Nearly 30 friends and family of David Williams filled the gallery of courtroom 201 at the Chilliwack Law Courts Monday to hear the sentence for the man who killed the 33-year-old just over a year ago.
It was April 18, 2016 when Daniel Joseph Fabas fired three shots from a 22-calibre rifle through a broken window out of a Princess Avenue drug dealer’s ground floor apartment.
The first two shots missed Williams who was outside, and who had broken the window.
The third shot hit the father of three between the eyes, killing him.
Early on in the case Fabas pleaded guilty to manslaughter.
For that, he was sentenced to six years in prison by Justice Heather Holmes in BC Supreme Court. Holmes also handed Fabas a one-year sentence to be served consecutively for possession of a weapon while prohibited.
He has been in custody since April 29, 2016 so was given two year’s credit for time served, using the standard 1.5-to-one ratio.
Williams and Fabas had a conflict-ridden history that hit a peak a year earlier on July 12, 2015 with Williams attacking Fabas with a machete, causing a gash to his face and other injuries. The attack was prompted because Williams accused Fabas of assaulting a cousin, an incident that he alleged led to that cousin’s suicide.
Whether or not Fabas indeed suffered from Post Traumatic Stress Disorder (PTSD) because of the machete was the subject of some discussion in the case.
“The attack certainly had a serious effect on him making him fearful of Mr. Williams,” Holmes said in reading her decision.
That fear led Fabas to hide a rifle in the apartment of a drug dealer on Princess Avenue where he was staying.
Leading up to the homicide, Williams had made several visits to the apartment demanding entry only to be refused. On April 18, 2016, his girlfriend texted the drug dealer looking for heroin. She apparently attended and consumed drugs.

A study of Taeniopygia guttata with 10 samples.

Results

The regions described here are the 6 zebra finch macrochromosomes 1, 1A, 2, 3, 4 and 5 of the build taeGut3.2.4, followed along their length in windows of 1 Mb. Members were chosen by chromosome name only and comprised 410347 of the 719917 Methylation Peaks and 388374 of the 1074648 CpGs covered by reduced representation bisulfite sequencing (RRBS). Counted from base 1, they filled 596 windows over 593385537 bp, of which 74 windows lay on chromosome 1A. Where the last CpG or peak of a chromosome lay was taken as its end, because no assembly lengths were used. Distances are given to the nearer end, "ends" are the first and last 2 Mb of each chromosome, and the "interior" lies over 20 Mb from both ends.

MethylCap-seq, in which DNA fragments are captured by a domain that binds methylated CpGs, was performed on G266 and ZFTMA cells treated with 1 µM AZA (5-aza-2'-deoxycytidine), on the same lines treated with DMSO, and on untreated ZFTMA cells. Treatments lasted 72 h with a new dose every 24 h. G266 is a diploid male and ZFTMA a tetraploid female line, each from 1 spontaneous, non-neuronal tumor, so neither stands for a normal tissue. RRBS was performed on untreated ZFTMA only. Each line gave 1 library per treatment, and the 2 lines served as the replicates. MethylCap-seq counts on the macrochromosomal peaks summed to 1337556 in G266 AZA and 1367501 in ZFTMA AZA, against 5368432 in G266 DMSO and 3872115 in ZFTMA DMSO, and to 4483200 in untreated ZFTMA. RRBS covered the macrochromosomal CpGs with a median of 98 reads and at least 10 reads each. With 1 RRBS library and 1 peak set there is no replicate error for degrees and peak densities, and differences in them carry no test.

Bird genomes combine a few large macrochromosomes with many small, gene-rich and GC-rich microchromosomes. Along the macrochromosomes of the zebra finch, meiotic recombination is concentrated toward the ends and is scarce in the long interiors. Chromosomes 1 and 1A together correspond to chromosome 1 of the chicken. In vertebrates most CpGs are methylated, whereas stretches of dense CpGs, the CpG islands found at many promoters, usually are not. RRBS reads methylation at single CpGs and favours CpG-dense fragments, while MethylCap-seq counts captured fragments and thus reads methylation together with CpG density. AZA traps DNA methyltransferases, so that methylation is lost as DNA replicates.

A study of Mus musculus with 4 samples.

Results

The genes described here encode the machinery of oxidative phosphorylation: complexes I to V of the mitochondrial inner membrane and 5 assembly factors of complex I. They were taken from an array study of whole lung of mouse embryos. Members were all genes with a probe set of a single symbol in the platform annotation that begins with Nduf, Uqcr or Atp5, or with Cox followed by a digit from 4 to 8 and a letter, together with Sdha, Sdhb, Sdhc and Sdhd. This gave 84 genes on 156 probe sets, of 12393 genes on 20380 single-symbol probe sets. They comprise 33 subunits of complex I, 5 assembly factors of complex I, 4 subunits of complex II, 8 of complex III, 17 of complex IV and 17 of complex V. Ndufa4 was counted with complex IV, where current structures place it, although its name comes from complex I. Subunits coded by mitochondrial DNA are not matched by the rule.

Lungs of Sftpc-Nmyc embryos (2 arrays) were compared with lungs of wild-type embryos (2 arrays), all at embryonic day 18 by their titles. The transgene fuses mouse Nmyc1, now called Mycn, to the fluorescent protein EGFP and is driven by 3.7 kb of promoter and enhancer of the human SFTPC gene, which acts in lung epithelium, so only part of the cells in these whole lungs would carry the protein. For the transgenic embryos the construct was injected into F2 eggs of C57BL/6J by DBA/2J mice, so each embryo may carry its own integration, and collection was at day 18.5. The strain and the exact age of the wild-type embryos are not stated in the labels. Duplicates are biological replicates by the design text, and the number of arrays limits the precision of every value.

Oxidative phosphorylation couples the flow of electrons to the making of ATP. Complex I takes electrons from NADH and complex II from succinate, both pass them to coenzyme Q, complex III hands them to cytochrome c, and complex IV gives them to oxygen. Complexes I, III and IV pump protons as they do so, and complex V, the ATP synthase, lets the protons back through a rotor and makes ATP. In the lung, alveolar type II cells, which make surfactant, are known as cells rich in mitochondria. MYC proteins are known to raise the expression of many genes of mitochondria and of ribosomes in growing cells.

Williams later showed up, himself high on crystal meth, smashed glass outside the unit demanding to be let in. Someone in the unit denied entry, and it was then that Fabas picked up the rifle and fired three shots out the window.
The first two missed, the third struck Williams between the eyes.
Fabas then fled on a bicycle, and after his arrest 11 days later claimed to not have known he killed Williams. He said he was appalled when he came by the scene and saw forensics investigators and that someone had died.
During the sentencing hearing on Aug. 21, four members of Williams’ family read victim impact statements, and two others were too emotional to write so expressed thoughts via Crown counsel.
There were tears in the courtroom Aug. 28 as Holmes read out the details of the case and the impact the killing has had on Williams’ extended family, particularly his young son and daughter who read “profoundly moving” victim impact statements a week prior.
“The strength they have shown will serve them well,” Holmes said of Williams’ children.
Williams was a top athlete often placing among the top finishers in international paddling events. The court heard he was a community leader and a role model to children involved in the paddling club.
“They are lost without him,” Holmes told the court.
He did, however, have his demons, which often led him back to the illegal drug underworld in Chilliiwack.
Fabas, too, is a father. The court heard of his efforts to stay connected to his four-year-old even from behind bars.
“He does his best to stay in contact by sending recorded bedtime stories,” Holmes told the court.
Crown counsel Henry Waldock asked the court to impose a seven-year sentence for the manslaughter and one year to be served consecutively for the weapons offence.
Defence lawyer David Silverman asked for something closer to the four-year minimum for manslaughter with a firearm, and for the one year for the firearm’s offence to be served consecutively.
“This was a tragic loss of a valuable and valued member of the community,” Holmes said in issuing a sentence of seven years total.
Holmes said while Fabas did not intend to kill Williams, Fabas was involved in the drug sub-culture, had a gun to defend the apartment of a drug dealer, and Williams’ arrival that evening came as no surprise.
“His act was not an impulsive one,” Holmes said, adding that his “moral culpability was high because of resorting to self-defence in the drug sub-culture.”
Family and friends of Williams held a brief drum ceremony on the steps of the courthouse after the verdict.